Catch Ya Later, Sierras
Right before leaving the desert and entering the long-awaited Sierras, a trail angel named Coppertone told me, “don’t be stupid, but don’t be afraid to challenge yourself out there.”
This year record-setting snow levels blanket the Sierras. As the temps have started rising and the snow pack has began melting, the rivers are roaring. Truly roaring. Massive white caps, crazy-fast under currents and all. Everything seems especially wild out there. The magical snowfall has made it unbelievably beautiful, but it’s also a bit spooky.
At least I was a little spooked, but not so much of the snow. I went into the Sierras without ever wearing microspikes and 90 miles later, putting on my micorspikes is as normal as putting on a pair of socks. I’m comfortable using an ice axe and I even learned to self-arrest. The snow slowed us down (so much that 30-mile days turned into 15-mile days), soaked my feet at all times, led to many slips and slides and tumbles, and made me hike off-trail more than on trail since it was so hard to follow. I could deal with all this though. I could even deal with postholing, when my leg would sink thigh-high into the snow. We took a detour to climb 14,505-foot Mt. Whitney (the tallest in the contiguous U.S.) to watch the sunrise on the peak. We also climbed over the Forester Pass, the tallest point on the PCT at 13,153 feet and glissaded down the other side. No problemo.
The rivers were too much for me though. I’m a confident floater and water-treader, but I don’t know how to swim (ironic since my 12-year-old bro is a swimming national champ). I crossed five tough rivers. Spooky rivers. All were waist-high. One was nearly chest-high. You could hear them from a mile away. My heart would start racing as soon as I could hear that ruthless river roar. Safely crossing these rivers involves shuffling across in a squat position directly facing the current. My trekking poles vibrated with the strength of the current and I’d always repeat to myself, “Jackie you are strong” until I made it across. One of my hiking pals, “The Kid,” took a swim a couple of times, and one of the rivers whisked another hiker 200-feet downstream.
I started thinking about what I would do if one whisked me away. With my lack of swimming skills, I’m not too sure I could make it to the river’s edge. Then I started thinking about the wise words of Coppertone. I was surely challenging myself, but maybe a little too much. With my trivial skill set, crossing these rivers was stupid.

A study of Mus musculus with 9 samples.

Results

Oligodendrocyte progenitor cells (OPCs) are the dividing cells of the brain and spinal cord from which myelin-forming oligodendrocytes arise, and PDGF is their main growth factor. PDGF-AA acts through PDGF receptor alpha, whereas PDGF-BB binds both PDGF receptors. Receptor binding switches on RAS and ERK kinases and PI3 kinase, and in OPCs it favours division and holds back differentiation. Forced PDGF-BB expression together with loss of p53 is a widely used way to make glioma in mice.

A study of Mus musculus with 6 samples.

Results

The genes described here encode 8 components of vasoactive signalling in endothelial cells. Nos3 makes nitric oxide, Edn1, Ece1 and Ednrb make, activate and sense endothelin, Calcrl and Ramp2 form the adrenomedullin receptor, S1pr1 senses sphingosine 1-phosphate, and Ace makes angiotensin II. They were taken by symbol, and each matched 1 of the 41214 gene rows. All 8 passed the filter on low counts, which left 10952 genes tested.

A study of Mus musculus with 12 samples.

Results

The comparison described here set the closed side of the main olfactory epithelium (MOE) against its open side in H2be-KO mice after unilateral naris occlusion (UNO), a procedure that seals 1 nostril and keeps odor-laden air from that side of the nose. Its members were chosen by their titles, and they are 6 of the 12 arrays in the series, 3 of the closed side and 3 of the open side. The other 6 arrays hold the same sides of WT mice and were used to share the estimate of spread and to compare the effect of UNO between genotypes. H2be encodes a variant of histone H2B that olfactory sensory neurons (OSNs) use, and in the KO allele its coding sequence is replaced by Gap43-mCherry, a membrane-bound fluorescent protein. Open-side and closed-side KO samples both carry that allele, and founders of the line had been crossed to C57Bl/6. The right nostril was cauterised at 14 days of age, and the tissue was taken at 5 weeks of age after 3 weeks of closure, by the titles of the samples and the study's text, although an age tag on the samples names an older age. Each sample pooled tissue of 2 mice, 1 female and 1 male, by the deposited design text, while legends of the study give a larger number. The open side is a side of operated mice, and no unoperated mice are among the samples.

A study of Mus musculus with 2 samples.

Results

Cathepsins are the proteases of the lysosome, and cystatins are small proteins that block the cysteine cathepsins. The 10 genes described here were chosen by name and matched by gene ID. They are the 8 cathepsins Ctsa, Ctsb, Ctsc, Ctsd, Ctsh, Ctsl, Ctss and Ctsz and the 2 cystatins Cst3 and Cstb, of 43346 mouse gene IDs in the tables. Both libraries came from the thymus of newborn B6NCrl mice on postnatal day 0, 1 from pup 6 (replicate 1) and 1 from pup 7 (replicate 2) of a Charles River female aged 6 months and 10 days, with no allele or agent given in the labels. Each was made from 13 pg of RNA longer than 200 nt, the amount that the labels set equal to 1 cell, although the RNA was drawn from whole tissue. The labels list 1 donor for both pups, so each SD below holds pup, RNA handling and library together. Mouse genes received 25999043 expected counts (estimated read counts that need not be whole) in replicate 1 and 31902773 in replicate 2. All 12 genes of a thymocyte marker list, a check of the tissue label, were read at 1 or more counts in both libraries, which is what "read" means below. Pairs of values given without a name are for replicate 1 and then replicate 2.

When I was in tough situations back in the dry, dry desert (dehydration, sleeping in windy dust bowls and waking up with ears full of sand, hiking 10-miles through swarms of biting flies, etc.), I’d tell myself “embrace it or go home.” I never had any doubts. Of course I’d embrace all of that, even the flies that I despise. But I couldn’t embrace those rivers. They weren’t enough to make me want to go home, but they were enough to make me want to skip around the Sierras. So that’s what I’m doing: hitching around nearly 400 miles of trail… and the most beautiful miles of the entire trail at that.
I’m bummed about it, even though I know it’s the right decision for me. But the hardest part of it all is saying goodbye to an incredible trail family: Mittens, The Kid and The Gent. Mittens and The Gent are continuing on, and The Kid is hitching to a different section of trail.
It’s ironic because one running joke among our trail fam was that I am awful at saying goodbyes. (One example: “See you up trail! Maybe. Hopefully. I don’t know.” The people I said this too didn’t even say anything back, they just walked away. Awkward). Mittens and The Kid coached me on how to say solid goodbyes. Like “take care” or my personal favorite: “I love you, have fun, be safe.” But then I had to say goodbye to a dear trail family and three people who mean a lot to me, which is something they never coached me in. Good thing I was in a rush and had a bus to catch, otherwise I could’ve sobbed.
So here’s to Mittens: one strong, brave, badass lady (sorry for the language, mama). The first day we met (about a month ago), she helped me tend my nasty blisters, and she’s been there for every blister and every second since. Thank goodness we already have a trip planned to backpack in Morocco’s Atlas Mountains together.
Here’s to the Kid, whose daily inspirational pep talks will surely be missed: “You’re smart, you’re beautiful, and you’re going to do great things today.” He taught me everything I know about fording rivers and everything I know about how to say proper goodbyes.
And here’s to The Gent taught me more than I can process about mountaineering, scrambling up rocky mountain faces, safely glissading, washing sleeping bags, and even about wheatwine (who knew that even existed!).
The crazy thing about trail friendships is you never really know when the goodbyes will hit. A week and a half into my hike, I shouted, “see you up trail!” to my friend Henry (now known as Happy), and I haven’t seen him since. Similar to that, I didn’t know I’d be saying goodbye to this trail family so soon. Too soon. Everything is so uncertain out here.
But that’s life, right? One big lesson I’ve learned over the past year is that life is unpredictable. It’s a roller-coaster, similar to this crazy trail. You may think life is going in one direction. You may have it all planned out, but things change and plans change. So cheers to my new plan: one without intense river fording.
I’ll see you later, Sierras. Maybe later this season. Or maybe another year after I take some swimming lessons from my little bro. Who knows.